Questions remain over Afghanistan campaign

British soldiers arrive at Kandahar air base at the end of operations for US Marines and British combat troops in Helmand Image copyright Reuters
Image caption British troops have ended operations

It was a low-key ceremony at Camp Bastion. But it was a powerful and poignant moment, especially for the British.

After 13 years, it was the end for them of a grim and gruelling campaign, especially in the last eight years when they took on the Taliban in the key southern province of Helmand.

For the Nato-led combat mission as a whole, it's not quite the end yet. But it soon will be.

And that'll be a significant moment for all the contributing countries, and for the Afghans.

Who knows what the thoughts were of the final couple of hundred or so British troops as they left Helmand for the last time?

The official mantra was that they HAD made a difference, and that the 453 who were killed during the mission and the many hundreds left with grievous injuries, hadn't died or suffered in vain.

No-one was doubting the valour of those who had served.

No guarantees

There ARE new roads, new schools, a new Afghan army, and the chance to embed a more democratic and prosperous future.

But the costs have been huge. And, still, there are no guarantees.

And there were mistakes: A failed poppy-eradication campaign, the Taliban confronted but as yet undefeated, and huge questions over the effort against just as crucial an enemy, the spectre of corruption.

Shifting strategic goals seemed to confuse the public in the West and in the region, undermining support, and adding to the costs, in lives and money.

It started as a mission to punish al-Qaeda, and ended as a full-blown effort to build a nation in the face of a full-blown Taliban insurgency.

Much time and effort was wasted.

Perhaps only in the last few years, with President Obama's surge and a renewed effort to train Afghan forces, did what was in many ways an extraordinary Nato-led coalition receive anything like the resources it needed.

The outcome of it all though - and therefore the verdict - must remain uncertain.

Much will depend on how the Afghan authorities and security forces perform from now on, and what continuing support - but not combat forces - the outside world provides.

There may be reason for hope and foreboding. Iraq right now is a warning.

Would it have been better if Washington and its allies had left as soon as the Taliban and al-Qaeda had been put to flight?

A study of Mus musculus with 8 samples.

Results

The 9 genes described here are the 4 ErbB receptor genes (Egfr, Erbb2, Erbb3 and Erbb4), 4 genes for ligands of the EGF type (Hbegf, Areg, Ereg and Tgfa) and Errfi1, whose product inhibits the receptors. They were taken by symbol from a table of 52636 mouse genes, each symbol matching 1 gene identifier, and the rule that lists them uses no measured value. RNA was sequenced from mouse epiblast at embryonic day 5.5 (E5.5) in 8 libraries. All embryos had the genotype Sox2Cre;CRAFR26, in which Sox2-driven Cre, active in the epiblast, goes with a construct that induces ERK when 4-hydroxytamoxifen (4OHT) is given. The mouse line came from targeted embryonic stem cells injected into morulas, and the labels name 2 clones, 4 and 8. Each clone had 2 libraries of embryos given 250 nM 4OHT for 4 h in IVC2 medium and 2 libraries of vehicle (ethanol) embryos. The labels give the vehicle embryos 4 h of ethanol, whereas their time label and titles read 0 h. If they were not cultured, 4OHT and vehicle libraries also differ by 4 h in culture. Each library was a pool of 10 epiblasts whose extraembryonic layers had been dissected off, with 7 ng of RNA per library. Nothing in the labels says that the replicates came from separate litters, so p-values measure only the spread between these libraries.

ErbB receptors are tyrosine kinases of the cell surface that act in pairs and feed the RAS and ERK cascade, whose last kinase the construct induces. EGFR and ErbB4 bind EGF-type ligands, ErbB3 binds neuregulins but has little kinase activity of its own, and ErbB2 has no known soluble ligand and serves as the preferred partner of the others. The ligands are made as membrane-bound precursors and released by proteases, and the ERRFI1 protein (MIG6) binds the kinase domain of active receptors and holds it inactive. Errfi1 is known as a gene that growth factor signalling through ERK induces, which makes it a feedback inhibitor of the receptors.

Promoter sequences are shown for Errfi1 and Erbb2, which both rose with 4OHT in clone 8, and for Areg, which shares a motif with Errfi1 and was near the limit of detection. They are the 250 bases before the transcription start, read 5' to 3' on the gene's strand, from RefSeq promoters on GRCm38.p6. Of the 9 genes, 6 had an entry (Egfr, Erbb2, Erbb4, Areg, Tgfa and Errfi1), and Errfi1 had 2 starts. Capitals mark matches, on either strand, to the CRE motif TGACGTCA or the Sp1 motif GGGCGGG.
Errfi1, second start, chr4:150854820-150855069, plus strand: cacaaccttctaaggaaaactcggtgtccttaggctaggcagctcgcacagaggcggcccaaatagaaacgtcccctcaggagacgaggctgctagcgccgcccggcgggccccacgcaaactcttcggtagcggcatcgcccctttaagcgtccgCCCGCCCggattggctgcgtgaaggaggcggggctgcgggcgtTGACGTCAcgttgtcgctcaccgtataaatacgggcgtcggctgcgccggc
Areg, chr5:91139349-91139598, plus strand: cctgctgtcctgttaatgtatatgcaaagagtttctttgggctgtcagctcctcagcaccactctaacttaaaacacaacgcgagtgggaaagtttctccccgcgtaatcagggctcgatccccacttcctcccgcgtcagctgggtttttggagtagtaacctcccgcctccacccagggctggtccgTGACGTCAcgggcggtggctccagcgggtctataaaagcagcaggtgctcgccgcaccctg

Image caption The Taliban have proved a formidable opponent

Or, if they had done more sooner, would that have forestalled a Taliban resurgence?

The debate will continue to rage. As the British flag was lowered for the last time at Camp Bastion, what is the balance sheet for Britain?

At home, the armed forces may be held in the highest esteem for their exploits, but the doubts that any of it has enhanced British security are widespread.

Britain has a battle-hardened military that's learnt painful lessons, but it's a war-weary nation.

Questions for the West

And did it take on too much in Afghanistan? If so, whose fault was that? Over-ambitious politicians or over-confident generals?

And what lasting impact will Afghanistan - and the war weariness undoubtedly now felt in Britain - have on the country's ability and appetite to be a major global player, and to continue to be America's "first ally"?

These are also questions for the West as a whole, including the US.

How will the strains of Iraq and Afghanistan, and the scars of those campaigns, affect their willingness and ability to intervene in future crises, and to endure the kinds of conflicts that may not end in clear-cut military victories?

Whatever Washington and London mean exactly by "no boots on the ground" in confronting Islamic State - and there is plenty of room for doubt there - part of their meaning is clearly that it won't be like Iraq last time or Afghanistan.

For better or worse, that is part of the legacy of the huge resources and resolve expended in both.